22 October 2006
By Catherine Baty
One of Carroll County’s intriguing residents was Arthur Tracey, born and raised in Hampstead. Tracey’s interest in history began early. As a boy he explored the old Native American trails near his home, collecting artifacts as he went.
Tracey graduated from the University of Maryland in 1910 and in 1912 he opened an optometry office and pharmacy in his hometown. In 1914, shortly before the birth of their daughter Grace, Tracey and his wife Lulu vacationed in the American Southwest, visiting Native American sites. His inheritance of a collection of surveyor’s notebooks aroused a new interest in surveying and land ownership.
Beginning in the 1930s, Tracey studied the land ownership records for the region of Baltimore, Carroll, Frederick and Washington Counties. Countless hours were spent pouring over the original certificates of survey for almost 30,000 properties. Tracey copied by hand the drawings of the properties and transcribed the metes and bounds description of the exact outline and measurements. Eventually, Grace Tracey joined her father in his research. Together, they organized the information onto cards that are indexed by property name and landowner. Their work – done without the aid of computers and photocopiers – testifies to their dedication to history.
In 1937, Tracey wrote an article entitled Land Grants of Carroll County: Some Things We Learn from Them during Carroll’s Centennial in 1937. The first patent for land in the area that is now Carroll County was issued in 1723. By 1752, 13,000 acres had been patented and that amount increased to 33,000 acres just two years later. By 1809, most of Carroll County had been patented.
In Maryland, the landowner selected a name for the property to distinguish it from all the other properties. Dr. Tracey examined the names of approximately 2,000 tracts in Carroll County and noticed several trends.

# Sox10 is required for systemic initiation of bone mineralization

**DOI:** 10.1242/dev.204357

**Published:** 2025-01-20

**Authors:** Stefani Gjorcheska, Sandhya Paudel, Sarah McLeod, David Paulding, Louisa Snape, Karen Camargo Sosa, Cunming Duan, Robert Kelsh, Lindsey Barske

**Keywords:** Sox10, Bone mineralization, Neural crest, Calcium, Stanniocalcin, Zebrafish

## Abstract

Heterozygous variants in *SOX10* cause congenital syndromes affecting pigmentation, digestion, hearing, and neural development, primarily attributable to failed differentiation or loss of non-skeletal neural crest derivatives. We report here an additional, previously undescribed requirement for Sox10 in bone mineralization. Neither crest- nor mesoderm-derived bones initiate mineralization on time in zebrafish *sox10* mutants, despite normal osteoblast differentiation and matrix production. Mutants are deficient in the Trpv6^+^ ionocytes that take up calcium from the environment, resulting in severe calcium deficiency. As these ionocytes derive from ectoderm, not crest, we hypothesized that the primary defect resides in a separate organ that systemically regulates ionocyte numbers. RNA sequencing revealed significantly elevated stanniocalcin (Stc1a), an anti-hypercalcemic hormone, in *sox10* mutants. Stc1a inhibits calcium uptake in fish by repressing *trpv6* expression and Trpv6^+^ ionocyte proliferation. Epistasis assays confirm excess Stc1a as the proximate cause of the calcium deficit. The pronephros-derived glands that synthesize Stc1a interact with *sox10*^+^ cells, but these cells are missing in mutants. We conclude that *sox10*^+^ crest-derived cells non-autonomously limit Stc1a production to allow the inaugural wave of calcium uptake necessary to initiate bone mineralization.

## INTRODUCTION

The names of 665 properties included the name of the owner, such as “George’s Lot.” This could sometimes lead to confusion. For example, ten tract names begin with “Peter’s.” Thirty-five tracts were named for women, such as “Mollie’s Habitation.”
Ninety-three tracts were named for countries or towns. These included “Alsace,” “Berlin,” “Cambridge,” “New Germany,” “New Switzerland” and “Paris.”
Seventy-three names referred to natural features. Among these were “Limestone Hill,” Terra Rubra” and “Fertile Meadows.” Not all the names had good connotations. There was “Scarce of Timber” and ten tracts name began with “Stoney.”
Forty-five names included local wildlife such as “Bear Meadow,” “Beaver Trap,” “Hawk’s Nest,” “Turkey Point,” “Rattlesnake Ridge” and “Hog Harbour.”
Some landowners – 39 to be exact – chose inspiring names for their new homes. These included “Brotherly Love,” “Fair Play,” “Neighbor’s Good Will” and “Peace and Good Will.” Twenty others chose less inspiring names such as “Swamp Miserable,” “Valley of Strife,” “Troublesome,” and “Hell Point.”
Thirteen properties received patriotic names. Among those were “Bunker Hill Fortified,” “General Bonapart [sic] The Friend of Liberty,” and “Peace with England” (which was patented in 1776).
There were also properties whose names do not fit into any broad category but probably had a special meaning for the owner. Among these tracts are “Silly Number,” “Scared from Home,” “A Cork to the Empty Bottle,” “Tumbling Down the Hill,” “Smith’s Mistake Rectified,” “Scheme” (and also “Scheaming [sic] Defeated”), “Keep Your Wife at Home,” “I Will and Hoffman Shall Not” and “Can’t You be Easy and Let Me Alone.” And one that seems to sum them all up – “I Forgot the Name.” If only we knew the full stories behind these properties.
Dr. Arthur Tracey died on March 31, 1960 but his work lives on at the Historical Society of Carroll County. The Tracey collection was donated to the Society and it is one of the most used resources in the research library, valuable not only to those interested in land but also those tracing their family’s roots.
Author Catherine Baty is Curator of Collections at the Historical Society of Carroll County.
Photo Caption: Dr. Arthur Tracey of Hampstead was a pioneer in researching land ownership in Carroll County. Photo courtesy of the Historical Society of Carroll County.